ASCRC Minutes 9/12/06


Members Present: B. Bach, I. Crummy, S. Derry, D. Duncan, J. Eglin, V. Hedquist, C. Henderson J. Luckowski, P. Silverman A. Szalda-Petree, A. Tabibnejad, H. Thompson

Members Absent/Excused: R. Nalty, M. Roscoe


Ex-Officio Present: M. Hoell, D. Micus, A. Walker-Andrews

Guest: Jon Tompkins, Associate Dean College of Arts and Sciences


Chair Szalda-Petree called the meeting to order at 2:14 p.m.

The minutes from 9/12/06 were amended and approved.


  • Members introduced themselves. Betsy Bach, Derek Duncan, Paul Silverman, and Ali Tabibnejad were welcomed to the committee.

  • Matt Roscoe has resigned from the committee and the department of Mathematics is looking for a replacement. English is also working to find a replacement for Deirdre McNamer.

  • Betsy Bach may need to resign from the committee pending the outcome of the National Association of Communication's chair election.

Unfinished Business

  • Subcommittee chairs were confirmed.
  • Election of chair-elect was postponed.
  • Sebastian Derry declined to serve on the Academic Court. Betsy Bach agreed to serve as an alternate.
  • The language added to the general education form (below) addressed the one-time-only general education policy concerns of Associate Dean Tompkins.

One-time-only general education designation may be requested for experimental courses (X95), granted only for the semester taught.   A NEW request must be submitted for the course to receive subsequent general education status.   

  • There was considerable discussion on the general education models. Professor Eglin explained that the General Education committee formulated its models on the assumption that gen-ed courses should be foundational.

    One strategy would be to closely follow the MUS core, which would effectively eliminate the ethics perspective and foreign language competency. There were comments that transfer issues should not drive the Missoula program. Flexibility should be built into the program to accommodate transfers, but the institution should retain its liberal arts foundation and ethics is legitimately included in the mission statement.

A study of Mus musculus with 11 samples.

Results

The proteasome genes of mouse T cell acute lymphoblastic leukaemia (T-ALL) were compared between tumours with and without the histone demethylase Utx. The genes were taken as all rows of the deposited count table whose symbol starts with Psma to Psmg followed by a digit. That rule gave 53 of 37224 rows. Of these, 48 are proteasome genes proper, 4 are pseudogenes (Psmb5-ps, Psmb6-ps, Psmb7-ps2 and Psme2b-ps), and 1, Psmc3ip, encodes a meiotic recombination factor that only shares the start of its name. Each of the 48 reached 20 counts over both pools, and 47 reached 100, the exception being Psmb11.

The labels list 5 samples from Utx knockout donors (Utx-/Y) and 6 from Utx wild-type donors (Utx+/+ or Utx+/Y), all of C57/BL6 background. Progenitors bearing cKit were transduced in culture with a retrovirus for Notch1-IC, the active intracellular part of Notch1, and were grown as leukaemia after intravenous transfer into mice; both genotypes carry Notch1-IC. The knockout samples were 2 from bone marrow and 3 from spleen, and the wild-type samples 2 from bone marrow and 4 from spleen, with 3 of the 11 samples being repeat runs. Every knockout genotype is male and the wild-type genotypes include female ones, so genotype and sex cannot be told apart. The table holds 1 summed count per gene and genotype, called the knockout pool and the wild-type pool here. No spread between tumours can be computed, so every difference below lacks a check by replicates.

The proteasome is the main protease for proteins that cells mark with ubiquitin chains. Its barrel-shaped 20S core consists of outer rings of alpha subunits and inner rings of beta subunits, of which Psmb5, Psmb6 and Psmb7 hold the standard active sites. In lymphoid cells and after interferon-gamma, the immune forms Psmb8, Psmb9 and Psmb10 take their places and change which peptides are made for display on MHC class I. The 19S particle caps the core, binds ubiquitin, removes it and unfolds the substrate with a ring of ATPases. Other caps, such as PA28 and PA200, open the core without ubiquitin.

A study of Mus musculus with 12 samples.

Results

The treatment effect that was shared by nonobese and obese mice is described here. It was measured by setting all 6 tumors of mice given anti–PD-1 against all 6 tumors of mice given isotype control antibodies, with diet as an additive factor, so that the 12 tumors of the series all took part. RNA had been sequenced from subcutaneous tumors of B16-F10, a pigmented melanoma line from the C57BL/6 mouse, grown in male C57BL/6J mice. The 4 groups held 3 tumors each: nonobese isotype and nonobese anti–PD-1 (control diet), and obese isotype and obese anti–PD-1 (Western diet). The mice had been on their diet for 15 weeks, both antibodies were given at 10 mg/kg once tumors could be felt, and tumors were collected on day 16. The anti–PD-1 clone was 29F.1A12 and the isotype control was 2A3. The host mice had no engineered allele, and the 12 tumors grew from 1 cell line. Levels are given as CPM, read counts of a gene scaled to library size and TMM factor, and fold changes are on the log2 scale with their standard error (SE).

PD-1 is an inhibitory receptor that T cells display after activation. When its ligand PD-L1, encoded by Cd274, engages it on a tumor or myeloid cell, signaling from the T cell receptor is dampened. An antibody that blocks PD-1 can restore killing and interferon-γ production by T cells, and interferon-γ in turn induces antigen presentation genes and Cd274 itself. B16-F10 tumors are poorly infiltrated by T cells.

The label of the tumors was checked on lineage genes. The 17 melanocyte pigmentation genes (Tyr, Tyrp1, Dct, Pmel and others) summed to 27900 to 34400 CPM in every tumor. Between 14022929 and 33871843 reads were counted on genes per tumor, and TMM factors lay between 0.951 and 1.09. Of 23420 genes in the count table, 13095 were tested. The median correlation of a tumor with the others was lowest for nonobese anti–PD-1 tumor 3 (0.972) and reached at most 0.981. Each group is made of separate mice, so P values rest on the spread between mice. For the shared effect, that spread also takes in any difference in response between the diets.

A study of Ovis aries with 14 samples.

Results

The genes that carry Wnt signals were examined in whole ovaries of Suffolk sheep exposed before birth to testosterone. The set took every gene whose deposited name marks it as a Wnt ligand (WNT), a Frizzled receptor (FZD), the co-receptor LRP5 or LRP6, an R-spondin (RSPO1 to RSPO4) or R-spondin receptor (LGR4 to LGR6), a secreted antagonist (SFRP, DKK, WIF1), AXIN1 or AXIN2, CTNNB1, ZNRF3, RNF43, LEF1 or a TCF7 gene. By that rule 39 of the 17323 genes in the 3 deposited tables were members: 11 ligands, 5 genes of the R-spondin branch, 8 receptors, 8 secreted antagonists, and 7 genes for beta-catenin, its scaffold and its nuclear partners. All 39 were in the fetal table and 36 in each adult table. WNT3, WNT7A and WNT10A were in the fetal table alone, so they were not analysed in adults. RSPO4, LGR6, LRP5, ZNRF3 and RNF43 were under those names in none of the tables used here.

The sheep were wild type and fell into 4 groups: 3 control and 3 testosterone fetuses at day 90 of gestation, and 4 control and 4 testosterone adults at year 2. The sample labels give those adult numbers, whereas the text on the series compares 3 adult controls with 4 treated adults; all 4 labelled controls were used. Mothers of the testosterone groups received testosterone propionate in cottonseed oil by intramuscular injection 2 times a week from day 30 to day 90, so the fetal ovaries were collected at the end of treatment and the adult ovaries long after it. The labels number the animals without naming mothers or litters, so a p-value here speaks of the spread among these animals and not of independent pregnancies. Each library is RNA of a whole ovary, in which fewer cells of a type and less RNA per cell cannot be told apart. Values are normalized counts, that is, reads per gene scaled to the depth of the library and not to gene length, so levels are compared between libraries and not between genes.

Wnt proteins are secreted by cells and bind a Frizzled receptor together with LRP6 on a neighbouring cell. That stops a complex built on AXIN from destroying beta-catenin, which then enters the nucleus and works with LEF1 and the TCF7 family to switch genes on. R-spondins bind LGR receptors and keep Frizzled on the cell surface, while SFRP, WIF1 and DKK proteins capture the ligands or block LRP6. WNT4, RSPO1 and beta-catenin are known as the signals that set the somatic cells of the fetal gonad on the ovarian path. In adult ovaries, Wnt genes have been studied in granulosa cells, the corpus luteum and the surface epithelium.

The section on department specified requirements is confusing. It was questioned whether the intent was that departments have the option not to require any foreign language. Technology and upper-division writing are required but the 10 credits of foreign language would be optional. This is unfortunate considering the increasingly global focus. Math is another area where the US is falling behind, but these arguments need to be taken to the legislature and the board of regents.

    The program should be simple and transparent for students. The current approach is somewhat misleading in terms of credit requirements. The committee suggested the elimination of the requirements within the perspectives.

    The student members cautioned not to narrow the course choices too much because students don't know what they want to major in and need to be able to sample courses from different disciplines.

    Another concern will be departments' investment in restructuring general education courses. If course size significantly increases faculty may drop offerings.

    Students will not become fluent in any of the general education fields; the goal is to become acquainted.

The meeting was adjourned at 3:45 p.m.